Hopewell Township Committee reports improved revenues

At its February 7 special meeting, the Hopewell Township Committee continued the 2022 Municipal Budget discussion it began last week. At this meeting, the Committee focused on the general operating budget specifically, revenues.

Finance liaison Committee member Kevin Kuchinski explained that he and Township treasurer Julie Troutman would start the process of budgeting with the general operating budget as they still had work to do on the capital budget. He said they are still working to see how much in prior year ordinances are needed and able to be repurposed. He explained: “This will give us the final say of where we need to go to introduce the Capital Budget at our next meeting.”

Regarding the Operating Budget, there are multiple sources that the Township has to help fund municipal operations, he said. “When we went through this process last year, we talked about all the negative ways COVID-19 had impacted the Township budget, so I thought it might be helpful to start with some good news. We have seen a nice rebound in our tax collection rate.”

Kuchinski reminded the Committee that while the Township keeps only 14 percent of every tax dollar collected, they collect taxes on behalf of the County and the schools; thus the total of the money due to the County and schools has to be paid to them by the Township whether it has been 100% collected from taxpayers or not.

“When there is a short-fall on collections, we may be able to get that money back longer-term. But in the short-term, we need to directly fund all of the short-falls for the County and the schools— that certainly affected us in 2021,” explained Kuchinski.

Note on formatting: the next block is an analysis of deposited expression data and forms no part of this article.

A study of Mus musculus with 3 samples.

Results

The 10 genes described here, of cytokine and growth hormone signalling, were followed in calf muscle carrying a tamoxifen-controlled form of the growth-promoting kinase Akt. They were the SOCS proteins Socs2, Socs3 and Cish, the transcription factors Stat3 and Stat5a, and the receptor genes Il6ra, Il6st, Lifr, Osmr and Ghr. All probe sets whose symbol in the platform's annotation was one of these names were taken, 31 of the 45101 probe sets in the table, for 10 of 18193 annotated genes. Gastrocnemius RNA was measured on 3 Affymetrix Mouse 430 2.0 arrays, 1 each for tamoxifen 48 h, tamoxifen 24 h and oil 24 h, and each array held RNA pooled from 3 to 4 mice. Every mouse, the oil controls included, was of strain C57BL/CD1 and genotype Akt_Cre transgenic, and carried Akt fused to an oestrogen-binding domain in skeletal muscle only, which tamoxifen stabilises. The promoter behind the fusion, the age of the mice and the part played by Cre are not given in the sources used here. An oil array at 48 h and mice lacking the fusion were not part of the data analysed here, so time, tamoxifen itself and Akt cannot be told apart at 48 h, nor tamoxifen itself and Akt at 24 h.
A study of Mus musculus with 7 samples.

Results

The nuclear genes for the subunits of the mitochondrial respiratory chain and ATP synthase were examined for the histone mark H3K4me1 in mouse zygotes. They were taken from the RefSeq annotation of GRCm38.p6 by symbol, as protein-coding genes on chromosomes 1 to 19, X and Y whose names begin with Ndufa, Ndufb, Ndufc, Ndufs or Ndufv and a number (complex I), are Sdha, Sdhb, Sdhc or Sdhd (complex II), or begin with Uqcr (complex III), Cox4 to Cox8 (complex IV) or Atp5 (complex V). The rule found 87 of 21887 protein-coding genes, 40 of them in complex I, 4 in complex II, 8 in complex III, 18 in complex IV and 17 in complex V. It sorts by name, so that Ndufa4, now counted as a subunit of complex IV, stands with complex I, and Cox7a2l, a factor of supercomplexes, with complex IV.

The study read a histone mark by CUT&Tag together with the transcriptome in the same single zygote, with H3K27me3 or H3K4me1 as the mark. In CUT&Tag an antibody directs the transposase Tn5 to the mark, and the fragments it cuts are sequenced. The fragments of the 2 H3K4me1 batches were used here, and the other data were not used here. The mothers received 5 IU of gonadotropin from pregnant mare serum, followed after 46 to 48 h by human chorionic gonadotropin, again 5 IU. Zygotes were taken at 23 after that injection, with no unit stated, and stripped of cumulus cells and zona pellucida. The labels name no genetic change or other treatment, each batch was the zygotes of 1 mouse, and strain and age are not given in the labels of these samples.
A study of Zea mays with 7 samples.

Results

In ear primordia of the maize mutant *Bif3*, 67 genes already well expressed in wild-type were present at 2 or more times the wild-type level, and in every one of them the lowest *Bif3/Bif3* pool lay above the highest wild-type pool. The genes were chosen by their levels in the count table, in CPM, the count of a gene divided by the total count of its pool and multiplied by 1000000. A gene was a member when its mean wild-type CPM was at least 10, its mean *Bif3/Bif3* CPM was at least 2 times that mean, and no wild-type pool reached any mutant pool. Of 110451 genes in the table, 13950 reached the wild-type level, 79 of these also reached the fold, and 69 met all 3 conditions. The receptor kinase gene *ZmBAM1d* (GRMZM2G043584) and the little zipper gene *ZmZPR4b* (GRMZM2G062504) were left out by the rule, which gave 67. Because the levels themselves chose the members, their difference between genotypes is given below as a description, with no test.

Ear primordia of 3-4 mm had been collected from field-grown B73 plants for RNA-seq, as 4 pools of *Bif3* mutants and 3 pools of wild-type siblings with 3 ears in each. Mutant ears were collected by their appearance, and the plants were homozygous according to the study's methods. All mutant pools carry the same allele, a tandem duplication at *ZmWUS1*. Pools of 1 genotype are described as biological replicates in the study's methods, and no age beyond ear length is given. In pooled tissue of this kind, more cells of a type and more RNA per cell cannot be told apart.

“In the 2021 budget, the actual collection in 2020 was 98.18, so we were able to use a three year average in 2021 to come up with a collection rate,” said Troutman. She explained that, this year, they are looking at a collection rate close to 99.1.

“We have a host of revenues that we’re going to look at including base years, most recent actuals and start to talk about each of the revenue lines,” added Kuchinski.

Before sharing the revenue lines, Troutman made sure to point out that when doing revenue budgeting you cannot budget more than you realized the year before, and when you realize more revenue than budgeted, the excess funds become an immediate boost to the surplus. Troutman shared her screen to show a multi-year breakdown of revenues. She started with tax settlements and agreements. These are properties where the Township receives revenues that are not tax-based.

In beverage licensing, 2021 realized $31,000 after budgeting $30,000. The extra $1,000 immediately went to surplus.

The next category was fees and permits. “This group of revenues go on to our budget in a lump sum so while we can look at these independently, we budget it as a group,” explained Troutman.

From 2017 to 2021 there was a growth in fees and permits due to increased recreational programs.

The Township saw an increase in birth certificate fees and also in real estate, which added to the health department revenue line and environmental inspections.  

Troutman also pointed out that the bulky waste program came back in 2021 after being suspended in 2020 from COVID-19.

In 2021, all of the departments together realized a revenue of $443,000, but the anticipated budget was $367,00, which was based upon prior year realizations.

Looking at the realized number, the Committee had to determine what drove that total— which is believed to be real estate.

After going through all the items, Kuchinski said they have remained well above the $8 million plus target despite all the negative revenue impacts from COVID-19.

“Since 2017, we have been on a multi-year plan to reduce the amount of surplus we use each year in the budget, I anticipate we will do that again this year,” said Kuchinski.

The surplus in 2021 is just under $1.5 million.

“As we move forward with this year’s budget, we will seek to utilize less than $1.5 million and stay close to 1$ million. The actual surplus figure finished at just under $8.8 million so we continue to be in compliance with our fund-balance policy.”